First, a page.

Tufts junior quarterback Ryan McDonald sneaks past defenders thanks to a block by junior running back Dominic Borelli in the season opener against the Hamilton Continentals on Sept. 16. (Angelie Xiong / The Tufts Daily)

Tufts and Bates to do battle, try to gain ground in NESCAC

At present, four NESCAC teams remain undefeated with 2–0 records: Amherst, Middlebury, Trinity and Williams. This state of affairs leaves teams like the Tufts Jumbos (1–1) and the Bates Bobcats (0–2) on the outside looking in. In turn, those two teams will face off in Lewiston, Maine on Saturday, as the Jumbos look to get back on track, while the Bobcats hope to get in the win column for the first time this season.

Last week, Tufts suffered its first defeat of the season in a 24–17 overtime road loss against the Wesleyan Cardinals (1–1). That game featured a 35-yard touchdown run by junior quarterback Ryan McDonald, the first career field goal for first-year kicker Matthew Alswanger and an 85-yard punt return touchdown by junior receiver Jack Dolan.

Dolan credited his coaching and teammates for his big punt return.

[Special teams] coach [Kyle] McAllister had a really great plan for the punt return team, and there was some really good blocking by the guys up front,” Dolan said. “It always feels good to break a long one, especially in a game like that.”

After scraping out an overtime win against the Hamilton Continentals (0–2) during Week One, the Jumbos could not hold out against the Cardinals. Wesleyan’s junior quarterback Mark Piccirillo threw a 14-yard touchdown pass to senior wide receiver Mike Breuler in overtime to seal the Cardinals’ first victory of the 2017 season.

“It’s one of those learning experiences,” coach Jay Civetti said. “It had nothing to do with lack of effort, attitude or toughness. We were playing a good team and we need to play better. We need to finish.”

In contrast to Tufts’ loss, Bates’ last game was not nearly as competitive. Trinity won that contest, 51–0, as the Bobcats’ defense just could not stop the Bantams’ high-powered offense, led by senior quarterback Sonny Puzzo. Bates’ offensive, meanwhile, managed only 14 first downs and 174 total offensive yards (less than half of Trinity’s 423 yards), including a measly 45 yards through the air.

Tufts and Bates last faced off at the Ellis Oval in the second week of the last season. The Jumbos won that rain-soaked game 12–7, propelled by two field goals from kicker Willie Holmquist (LA ’17) and a rushing touchdown by McDonald. Junior quarterback Sandy Plashkes provided the Bobcats’ lone seven points with a 30-yard touchdown pass to senior wide receiver Brian Daly.

Plashkes returned this fall and is platooning under center with sophomore quarterback Matt Golden. While Plashkes has attempted almost three times as many passes (25) as Golden (8), the second-year signal caller eclipses his junior counterpart in rushing attempts (20 versus 14). This disparity in usage derives in part from the Bobcats’ use of Golden when running the triple option. Bates is the only team in the NESCAC to employ that scheme.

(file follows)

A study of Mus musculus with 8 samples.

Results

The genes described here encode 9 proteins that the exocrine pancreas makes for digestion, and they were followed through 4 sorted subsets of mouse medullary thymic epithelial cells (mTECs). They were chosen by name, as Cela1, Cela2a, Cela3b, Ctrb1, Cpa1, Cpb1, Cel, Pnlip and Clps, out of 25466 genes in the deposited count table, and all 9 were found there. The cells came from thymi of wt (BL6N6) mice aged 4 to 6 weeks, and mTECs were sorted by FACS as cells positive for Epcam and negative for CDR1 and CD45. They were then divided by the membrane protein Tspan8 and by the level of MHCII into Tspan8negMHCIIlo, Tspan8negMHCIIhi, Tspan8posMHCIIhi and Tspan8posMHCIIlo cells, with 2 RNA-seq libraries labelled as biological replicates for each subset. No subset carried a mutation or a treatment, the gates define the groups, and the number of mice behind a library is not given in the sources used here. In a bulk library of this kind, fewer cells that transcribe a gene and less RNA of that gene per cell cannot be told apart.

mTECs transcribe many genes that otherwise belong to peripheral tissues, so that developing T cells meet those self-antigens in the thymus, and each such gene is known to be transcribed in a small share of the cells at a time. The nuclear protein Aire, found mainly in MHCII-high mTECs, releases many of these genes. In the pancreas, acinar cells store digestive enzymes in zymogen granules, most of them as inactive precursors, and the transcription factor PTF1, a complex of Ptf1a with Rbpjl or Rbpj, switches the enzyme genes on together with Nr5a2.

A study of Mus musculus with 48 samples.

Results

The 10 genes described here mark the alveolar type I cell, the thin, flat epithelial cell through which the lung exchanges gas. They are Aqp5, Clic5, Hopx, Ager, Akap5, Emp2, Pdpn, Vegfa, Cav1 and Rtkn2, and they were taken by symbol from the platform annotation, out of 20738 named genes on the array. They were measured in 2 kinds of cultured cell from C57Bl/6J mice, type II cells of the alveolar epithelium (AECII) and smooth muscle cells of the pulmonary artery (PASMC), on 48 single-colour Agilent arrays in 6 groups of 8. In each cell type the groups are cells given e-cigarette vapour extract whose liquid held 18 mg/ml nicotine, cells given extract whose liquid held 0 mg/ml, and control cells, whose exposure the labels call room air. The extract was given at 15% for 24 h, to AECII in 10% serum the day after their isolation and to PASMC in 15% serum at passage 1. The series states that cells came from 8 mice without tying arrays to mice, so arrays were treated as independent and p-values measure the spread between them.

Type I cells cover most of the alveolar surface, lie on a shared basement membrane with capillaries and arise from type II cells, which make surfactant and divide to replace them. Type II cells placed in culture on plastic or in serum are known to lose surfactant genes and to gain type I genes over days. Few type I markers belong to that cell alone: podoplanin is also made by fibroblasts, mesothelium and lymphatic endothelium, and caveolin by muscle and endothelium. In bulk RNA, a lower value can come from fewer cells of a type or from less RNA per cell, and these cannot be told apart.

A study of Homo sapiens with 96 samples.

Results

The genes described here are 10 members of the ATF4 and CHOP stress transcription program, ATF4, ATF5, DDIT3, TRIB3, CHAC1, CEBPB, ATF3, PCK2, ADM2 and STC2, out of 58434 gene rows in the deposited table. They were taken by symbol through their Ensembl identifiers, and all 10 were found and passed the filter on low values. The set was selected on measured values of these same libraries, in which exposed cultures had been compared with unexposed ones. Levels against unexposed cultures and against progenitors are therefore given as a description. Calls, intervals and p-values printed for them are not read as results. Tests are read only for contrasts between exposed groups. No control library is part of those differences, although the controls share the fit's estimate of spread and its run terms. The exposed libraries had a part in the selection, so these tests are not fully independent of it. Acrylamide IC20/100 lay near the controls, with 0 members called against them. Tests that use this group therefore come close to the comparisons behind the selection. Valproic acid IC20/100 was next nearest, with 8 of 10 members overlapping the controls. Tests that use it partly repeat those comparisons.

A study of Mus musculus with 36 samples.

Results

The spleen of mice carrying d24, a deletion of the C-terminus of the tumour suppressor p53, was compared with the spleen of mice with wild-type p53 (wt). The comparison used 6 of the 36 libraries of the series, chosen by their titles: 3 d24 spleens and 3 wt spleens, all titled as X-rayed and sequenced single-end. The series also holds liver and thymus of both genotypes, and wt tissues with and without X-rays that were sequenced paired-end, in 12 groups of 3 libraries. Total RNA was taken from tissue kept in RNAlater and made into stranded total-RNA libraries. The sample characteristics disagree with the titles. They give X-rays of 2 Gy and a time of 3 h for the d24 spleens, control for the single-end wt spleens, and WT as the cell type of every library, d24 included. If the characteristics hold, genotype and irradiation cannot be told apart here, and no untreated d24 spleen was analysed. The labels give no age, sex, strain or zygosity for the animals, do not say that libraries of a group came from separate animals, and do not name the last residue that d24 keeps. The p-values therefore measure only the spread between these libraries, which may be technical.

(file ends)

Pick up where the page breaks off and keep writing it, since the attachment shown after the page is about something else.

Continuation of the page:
The triple option involves three players in the backfield: the quarterback — in the pistol formation (four yards behind the center) — and two rushers lined up beside and/or behind him. When the triple option play is run, the quarterback must make two reads. First, he must decide whether or not to hand the ball off to one of the rushers, depending on which player the defense tries to pursue. If the quarterback fakes the first handoff, he must then make a similar decision with the second rusher. If the quarterback fakes the second handoff as well, he takes it himself, hoping that the defense has mistakenly pursued the other rushers and thus overcommitted.

This unorthodox scheme has been somewhat effective so far in freeing Golden to run. The New Bedford, Mass. native has 51 rushing yards through two games, just behind his two junior running backs, Peter Boyer (84 yards) and Kyle Flaherty (62 yards).

Tufts’ defense is now tasked with preparing to stop the triple option.

“To a certain extent it does [change our gameplan],” Civetti said. “I think that’s why they run the triple option because it makes you have to prepare differently than you have all season. You see the ball differently, the speed of it is hard to get used to. It takes a while for the defense to get in rhythm to their rhythm.”

Defensively, Bates is still coping with the recent graduation of linebacker Mark Upton (’17). A three-time member of the All-NESCAC First Team, Upton ranked third in the conference last year in total tackles (87), second in tackles for loss (14) and second in sacks (7). Attempting to fill this void are a number of players, including junior linebackers Bobby Dee (who leads Bates with 16 tackles) and Chase Fulton (who shares the team lead with 2.5 tackles for loss).

McDonald, Dolan and the Jumbo offense will look to get their team a win on the road by capitalizing against the Bobcats’ defense.

“Last week we missed a couple of opportunities,” Dolan said. “I think the big thing this week is not squandering those opportunities, and really making the most of all of our drives.”

The Tufts-Bates matchup will kick off at Garcelon Field at 1:00 p.m. on Saturday.